Two elements the traveler first captures in the big city are extra human architecture and furious rhythm.
- Frederico Garcia Lorea -
I love to travel and I've had an opportunity to do so over the years. I tend to be drawn to cities or ocean towns, whereas my husband, Mark, loves the country or mountainous areas. However, we make good travel partners. Usually, our travel includes a mix of locations that we both enjoy.
A few years back, we traveled to Australia. My husband's sales job brought him there but I went along as a mere tourist. Upon arriving at the Sydney airport, Mark immediately took the lead. Airports are his natural habitat.
"Well," he said, "now all we have to do is find the way out."
Instantly, I spotted a sign that said simply, "Way Out". We had a good laugh over that one. In the States we tend to obscure the obvious. Aussies, on the other hand, are more direct, thus simplifying things immensely.
The following day after leaving the airport and setting foot in Sydney, I (as Frederico Garcia Laorca so eloquently put it) was swept into the furious rhythm of the city. I hit the streets walking in pace with city dwellers who were, likely, headed off to work. One would think that I knew where I was going, but I didn't have a clue or a plan. I did, however, have a little city map in my pocket in case I got into a bind.
Many times as Christians, "a bind" is exactly where we find ourselves, getting swept away into either the trappings of this world or carrying burdens that we were never intended to carry. Fortunately, we have a "Way Out".
Psalm 118:5 "In my anguish I cried to the Lord, and he answered by setting me free."
Down through history people have found theirself in a bind and often need a way out. In Jewish culture, this way out is celebrated yearly.
The Jewish Holiday, Rosh Hashanah is a celebration of God's willingness to set us free, to give us a way out. Although,Rosh Hashanah means 'New Year', new beginning is just as applicable. The festivities begin with the blowing of the shofar (trumpet), a sort of spiritual wake up call. It is a time to remember God's mercy and ask for his forgiveness. One common practice,in Israel, is to visit the Biblical Zoo during this time.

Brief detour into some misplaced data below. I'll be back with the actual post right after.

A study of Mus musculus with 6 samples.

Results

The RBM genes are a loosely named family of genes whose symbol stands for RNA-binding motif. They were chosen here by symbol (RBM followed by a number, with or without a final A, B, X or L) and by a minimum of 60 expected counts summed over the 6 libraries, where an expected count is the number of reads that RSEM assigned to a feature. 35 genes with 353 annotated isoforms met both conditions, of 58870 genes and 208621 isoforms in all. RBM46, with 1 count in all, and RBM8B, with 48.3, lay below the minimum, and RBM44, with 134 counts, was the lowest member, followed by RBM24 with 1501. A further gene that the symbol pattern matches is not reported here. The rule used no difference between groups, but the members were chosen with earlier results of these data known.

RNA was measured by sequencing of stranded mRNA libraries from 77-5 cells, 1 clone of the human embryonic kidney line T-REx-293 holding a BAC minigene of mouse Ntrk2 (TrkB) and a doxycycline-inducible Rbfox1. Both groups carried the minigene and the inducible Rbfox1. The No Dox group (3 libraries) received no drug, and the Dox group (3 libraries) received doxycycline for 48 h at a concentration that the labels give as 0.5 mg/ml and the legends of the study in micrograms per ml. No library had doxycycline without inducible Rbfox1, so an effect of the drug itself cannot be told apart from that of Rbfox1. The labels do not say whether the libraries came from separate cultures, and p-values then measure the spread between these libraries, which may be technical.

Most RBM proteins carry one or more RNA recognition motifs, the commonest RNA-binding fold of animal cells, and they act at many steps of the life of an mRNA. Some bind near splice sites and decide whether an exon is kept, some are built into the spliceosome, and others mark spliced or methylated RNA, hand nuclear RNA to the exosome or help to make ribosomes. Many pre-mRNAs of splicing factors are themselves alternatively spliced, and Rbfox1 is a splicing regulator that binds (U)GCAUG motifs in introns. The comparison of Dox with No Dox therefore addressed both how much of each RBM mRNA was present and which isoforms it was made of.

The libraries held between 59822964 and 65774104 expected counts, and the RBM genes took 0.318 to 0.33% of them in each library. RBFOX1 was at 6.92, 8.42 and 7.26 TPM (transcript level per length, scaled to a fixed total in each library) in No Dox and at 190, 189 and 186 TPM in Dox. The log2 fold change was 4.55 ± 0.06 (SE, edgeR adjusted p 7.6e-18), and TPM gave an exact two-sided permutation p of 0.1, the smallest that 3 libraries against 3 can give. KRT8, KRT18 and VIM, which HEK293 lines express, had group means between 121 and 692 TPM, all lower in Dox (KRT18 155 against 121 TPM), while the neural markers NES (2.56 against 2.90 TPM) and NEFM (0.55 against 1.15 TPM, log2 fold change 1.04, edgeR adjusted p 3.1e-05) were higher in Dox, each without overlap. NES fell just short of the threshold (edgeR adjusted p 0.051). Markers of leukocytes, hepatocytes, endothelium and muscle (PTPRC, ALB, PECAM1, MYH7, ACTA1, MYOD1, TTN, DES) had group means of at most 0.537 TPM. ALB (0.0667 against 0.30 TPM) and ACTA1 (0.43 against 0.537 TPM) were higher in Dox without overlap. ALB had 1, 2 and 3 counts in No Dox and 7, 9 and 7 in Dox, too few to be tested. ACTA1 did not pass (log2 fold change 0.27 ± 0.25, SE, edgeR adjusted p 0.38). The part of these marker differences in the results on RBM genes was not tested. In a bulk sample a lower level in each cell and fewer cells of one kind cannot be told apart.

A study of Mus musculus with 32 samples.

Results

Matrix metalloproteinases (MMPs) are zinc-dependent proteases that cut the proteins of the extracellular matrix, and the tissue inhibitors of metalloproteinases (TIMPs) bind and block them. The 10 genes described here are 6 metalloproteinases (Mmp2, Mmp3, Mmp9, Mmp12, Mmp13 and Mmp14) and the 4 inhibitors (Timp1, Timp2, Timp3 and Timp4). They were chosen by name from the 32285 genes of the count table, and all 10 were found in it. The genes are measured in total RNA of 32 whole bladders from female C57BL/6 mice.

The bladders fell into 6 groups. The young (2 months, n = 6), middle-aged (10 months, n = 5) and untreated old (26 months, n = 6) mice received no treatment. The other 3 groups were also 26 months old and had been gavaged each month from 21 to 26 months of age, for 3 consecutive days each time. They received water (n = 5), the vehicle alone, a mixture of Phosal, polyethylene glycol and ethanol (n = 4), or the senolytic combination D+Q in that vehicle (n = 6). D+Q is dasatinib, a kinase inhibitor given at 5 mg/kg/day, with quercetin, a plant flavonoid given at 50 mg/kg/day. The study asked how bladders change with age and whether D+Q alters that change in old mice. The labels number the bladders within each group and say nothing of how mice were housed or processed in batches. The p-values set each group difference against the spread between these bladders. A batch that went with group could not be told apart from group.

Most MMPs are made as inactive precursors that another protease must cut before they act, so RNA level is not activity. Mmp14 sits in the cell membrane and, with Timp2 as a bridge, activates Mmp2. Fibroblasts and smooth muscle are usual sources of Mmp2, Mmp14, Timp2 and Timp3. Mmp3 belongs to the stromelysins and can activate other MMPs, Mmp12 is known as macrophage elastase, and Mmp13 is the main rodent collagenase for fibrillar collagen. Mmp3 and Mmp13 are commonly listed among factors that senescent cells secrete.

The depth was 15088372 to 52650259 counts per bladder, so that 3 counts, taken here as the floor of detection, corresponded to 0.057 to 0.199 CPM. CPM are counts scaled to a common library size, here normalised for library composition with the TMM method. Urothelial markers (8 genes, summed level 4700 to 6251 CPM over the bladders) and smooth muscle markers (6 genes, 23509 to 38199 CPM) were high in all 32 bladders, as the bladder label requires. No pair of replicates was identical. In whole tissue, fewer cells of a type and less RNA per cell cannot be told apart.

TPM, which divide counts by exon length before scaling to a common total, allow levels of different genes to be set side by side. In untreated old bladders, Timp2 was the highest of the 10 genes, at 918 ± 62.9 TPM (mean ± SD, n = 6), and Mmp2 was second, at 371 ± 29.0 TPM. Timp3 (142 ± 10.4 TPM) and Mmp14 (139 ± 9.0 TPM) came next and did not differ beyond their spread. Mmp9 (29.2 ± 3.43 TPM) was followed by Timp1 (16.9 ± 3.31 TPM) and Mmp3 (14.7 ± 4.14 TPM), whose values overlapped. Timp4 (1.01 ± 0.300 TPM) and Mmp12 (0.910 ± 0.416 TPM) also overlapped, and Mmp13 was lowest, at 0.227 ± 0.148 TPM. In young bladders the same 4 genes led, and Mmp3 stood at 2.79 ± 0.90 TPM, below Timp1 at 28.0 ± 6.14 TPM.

The Zoo is home to a myriad of animals, which were mentioned in the Bible. The Zoo's purpose is to protect these endangered animals and preserve their history. Jewish people living in Israel see this zoo visit as a labyrinth of remembrance, a time to reflect on God's promise to Noah and to all mankind.
Noah's story is the ultimate story of a clean slate, a new beginning! The newness that was presented to Noah and his family was unprecedented and overwhelming. Can you imagine the flood of emotions that washed over them as they stepped off the ark? Everything that they set their eyes on was void of life. However, God,in his mercy, set the ark on the top of a mountain. The valleys were far below where the ark landed and the valleys portrayed a page out of the worst possible disaster report.
And yet,the first thing that Noah did was to give an animal sacrifice to the Lord. Let that realization settle in a minute..an animal sacrifice! This obedience was a mammoth sized offering. It was rewarded with an equally colossal sign and covenant. From that day, the rainbow has been a banner of love to all who follow the Lord, a promise of a new beginning, a brilliant archway promising a "Way out" and the pledge of a "Good Yontif" a good good day.
They received the promise of a good good day and that promise has been fulfilled. Animal sacrifice was necessary for forgiveness of sin in the days of Noah. However, in Hebrews 10 we learn that the blood of animals is no longer the payment for sin now we have a better payment. Jesus paid the ultimate sacrifice. He offered himself as an unblemished, perfect, blood sacrifice for us. His death and resurrection three days later provided the way out of sin and the way into the presence of God. That truly is a good good day!
John 14:6, "Jesus answered, "I am the way and the truth and the life. No one comes to the Father except through me."
Darlene is a writer who travels with her husband, Mark across rural United States as he builds power plants.